High-income South African expats are set to be taxed nearly half their income

23 January 2019 Consultancy.co.za

Stringent regulations are set to come in place for South African expats who earn more than R1 million, with experts predicting that they could be taxed as much as 45% of their income by the government. According to a senior executive at Tax Consulting SA, these regulations will come into effect starting March this year.

The South African government appears to be trying every avenue to reduce the pressure on its treasury and revenue department, both domestically and internationally. The government introduced a tax hike early last year, primarily to mitigate the loss resulting from tax defaults across the country.

South African Revenue Services (SARS) – the government entity responsible for revenue collection and policy making – introduced stringent measures last year to ensure tax compliance, including the warning that defaulters will be called out on a public platform. SARS has already named some major defaulters.

High-income South African expats are set to be taxed nearly half their income

Tax Consulting SA has been monitoring these policies, and offering its analysis on the pros and cons of these increasingly stringent regulations. Claudia Aires Apicella is the Head of Financial Emigration at Tax Consulting South Africa, and has predicted that SARS will now turn to expats to help boost its revenues.

As of 1st March this year, Apicella expects expats abroad with an income exceeding R1 million to be taxed as much as 45% of their income. The strategy is primarily aimed at individuals and firms that have simply moved abroad to avoid the increasing tax rates within the country. 

A number of these cases not only involve the act of leaving the country, but also display evidence of illegitimate activity. While some did not consider it necessary to submit tax returns in South Africa, others submitted zero tax returns to SARS. In some cases, individuals even indicated that they were unemployed on their tax returns while earning expatriate salaries,” said Apicella.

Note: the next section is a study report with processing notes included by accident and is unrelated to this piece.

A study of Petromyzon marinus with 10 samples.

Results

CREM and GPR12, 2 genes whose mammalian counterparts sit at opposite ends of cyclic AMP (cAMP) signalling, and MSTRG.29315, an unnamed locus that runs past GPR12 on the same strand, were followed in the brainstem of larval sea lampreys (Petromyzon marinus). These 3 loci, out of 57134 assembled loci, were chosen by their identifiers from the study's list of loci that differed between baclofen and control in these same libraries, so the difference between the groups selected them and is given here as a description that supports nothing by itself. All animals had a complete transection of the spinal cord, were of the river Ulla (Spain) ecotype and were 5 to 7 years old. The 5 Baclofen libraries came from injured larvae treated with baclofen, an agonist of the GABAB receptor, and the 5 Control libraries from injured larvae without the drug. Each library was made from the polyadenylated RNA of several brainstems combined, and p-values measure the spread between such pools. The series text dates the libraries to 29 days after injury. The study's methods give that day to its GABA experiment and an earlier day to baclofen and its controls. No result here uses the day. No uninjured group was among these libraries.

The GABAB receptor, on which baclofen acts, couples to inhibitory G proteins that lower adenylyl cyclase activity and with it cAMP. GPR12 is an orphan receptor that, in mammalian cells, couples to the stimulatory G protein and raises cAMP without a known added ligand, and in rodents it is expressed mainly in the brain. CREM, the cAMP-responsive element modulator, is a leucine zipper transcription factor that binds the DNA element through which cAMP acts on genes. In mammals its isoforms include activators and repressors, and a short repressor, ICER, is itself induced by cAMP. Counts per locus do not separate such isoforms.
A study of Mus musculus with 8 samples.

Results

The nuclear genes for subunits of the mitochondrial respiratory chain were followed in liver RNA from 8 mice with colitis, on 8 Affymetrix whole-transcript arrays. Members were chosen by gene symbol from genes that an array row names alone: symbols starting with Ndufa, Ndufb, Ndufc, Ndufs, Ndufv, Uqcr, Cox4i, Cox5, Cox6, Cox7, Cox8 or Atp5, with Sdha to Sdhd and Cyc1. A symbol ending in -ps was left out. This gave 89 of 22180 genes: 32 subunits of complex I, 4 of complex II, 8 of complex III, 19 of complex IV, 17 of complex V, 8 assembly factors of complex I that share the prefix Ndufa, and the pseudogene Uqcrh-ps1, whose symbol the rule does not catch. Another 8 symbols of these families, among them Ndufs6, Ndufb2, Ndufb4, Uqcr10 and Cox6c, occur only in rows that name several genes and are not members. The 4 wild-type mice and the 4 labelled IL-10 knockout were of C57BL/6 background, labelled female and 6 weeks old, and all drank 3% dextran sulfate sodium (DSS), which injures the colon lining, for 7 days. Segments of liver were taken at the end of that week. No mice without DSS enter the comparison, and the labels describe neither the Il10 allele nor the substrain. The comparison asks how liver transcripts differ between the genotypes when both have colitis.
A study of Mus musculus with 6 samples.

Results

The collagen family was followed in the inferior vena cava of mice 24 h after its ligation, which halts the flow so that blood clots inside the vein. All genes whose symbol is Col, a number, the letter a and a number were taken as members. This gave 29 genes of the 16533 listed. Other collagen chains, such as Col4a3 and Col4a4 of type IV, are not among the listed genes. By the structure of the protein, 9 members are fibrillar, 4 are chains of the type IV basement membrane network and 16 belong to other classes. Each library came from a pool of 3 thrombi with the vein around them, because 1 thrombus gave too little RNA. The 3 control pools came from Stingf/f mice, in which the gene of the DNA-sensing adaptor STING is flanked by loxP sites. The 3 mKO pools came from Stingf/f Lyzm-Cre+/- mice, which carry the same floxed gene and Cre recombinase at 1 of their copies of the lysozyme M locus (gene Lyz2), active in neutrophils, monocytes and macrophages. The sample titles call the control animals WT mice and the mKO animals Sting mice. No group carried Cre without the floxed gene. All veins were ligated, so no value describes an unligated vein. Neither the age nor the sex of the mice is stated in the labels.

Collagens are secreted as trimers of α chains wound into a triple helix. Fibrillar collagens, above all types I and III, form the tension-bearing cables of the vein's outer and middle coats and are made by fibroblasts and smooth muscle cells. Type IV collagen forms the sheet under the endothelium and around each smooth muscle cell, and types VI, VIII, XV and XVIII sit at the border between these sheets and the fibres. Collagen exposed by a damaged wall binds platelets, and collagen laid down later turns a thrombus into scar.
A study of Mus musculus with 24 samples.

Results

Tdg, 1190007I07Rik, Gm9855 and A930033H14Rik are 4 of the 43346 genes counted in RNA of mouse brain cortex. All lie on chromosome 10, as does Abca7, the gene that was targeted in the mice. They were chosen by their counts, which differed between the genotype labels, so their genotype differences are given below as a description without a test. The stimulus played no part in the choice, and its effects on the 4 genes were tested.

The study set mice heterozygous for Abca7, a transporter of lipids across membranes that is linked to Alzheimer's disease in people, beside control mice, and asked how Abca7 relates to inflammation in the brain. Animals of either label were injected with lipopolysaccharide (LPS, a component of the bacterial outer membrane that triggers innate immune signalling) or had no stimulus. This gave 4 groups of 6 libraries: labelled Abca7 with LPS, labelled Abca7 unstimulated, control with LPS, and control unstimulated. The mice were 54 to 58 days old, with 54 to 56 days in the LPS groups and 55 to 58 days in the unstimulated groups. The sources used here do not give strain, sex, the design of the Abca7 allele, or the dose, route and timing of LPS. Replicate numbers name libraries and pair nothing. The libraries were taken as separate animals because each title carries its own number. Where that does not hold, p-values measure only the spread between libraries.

“This has prompted not only a law change, but also a stated SARS tax audit focus on those expatriates who have left and simply decided to ignore their taxes,” she added, continuing on to explaining the measures being taken by SARS. “With the commencement of the new law fast approaching, SARS has begun prosecuting taxpayers that are non-compliant and, in some cases, has the option to imprison the offender up to a period of two years.”

More news on

×

South African companies to be amongst the worst hit by expat tax

16 April 2019 Consultancy.co.za

As the realities of the proposed expat tax gradually come to light, experts at financial consultancy Tax Consulting SA have indicated that the new policy is likely to hit companies and employers harder than it is expats themselves, particularly domestic organisations that send employees abroad. 

So far, the focus has been on the struggles in store for wealthy South African expats, who might be taxed a considerable amount of their income if they earn in excess of R1 million. As a result, South Africans living abroad are losing their competitiveness on the job market, given that they require a larger cushion.

Now, more analysis has revealed that the scenario is equally bad for South Africans working for domestic firms, who are sent abroad on assignments. As per the new proposed policy, if the foreign assignment runs for more than 183 days, then the employee is subject to the heavy expat tax.

South African companies to be amongst the worst hit by expat tax

Calculations have placed this tax as high as 45% of foreign income in some cases. Rather than ensuring compliance, which is the purpose of the policy, the new tax is at risk of deterring South Africans from accepting foreign assignments, which runs against the current goals of the government.

The President has made clear his goals of opening South Africa’s doors to foreign businesses. Nevertheless, trade and collaboration with foreign firms is a challenge if South Africans are not predisposed to working abroad. Analysts at Tax Consulting SA have been watching the developments closely, and have warned of this danger. 

“The reality is that with this amendment, any additional cost would ultimately have to be borne by the employer, as no expat would accept an assignment without these benefits and, to ensure that these assignments remain lucrative, the employer would have to increase the expat's package,” said the firm.

The new tax is also likely to affect other sections of South Africans living abroad, including those who are permanent residents in another country but continue to have assets in South Africa. Others who will be hit include permanent residents abroad who have not yet settled their finances in South Africa.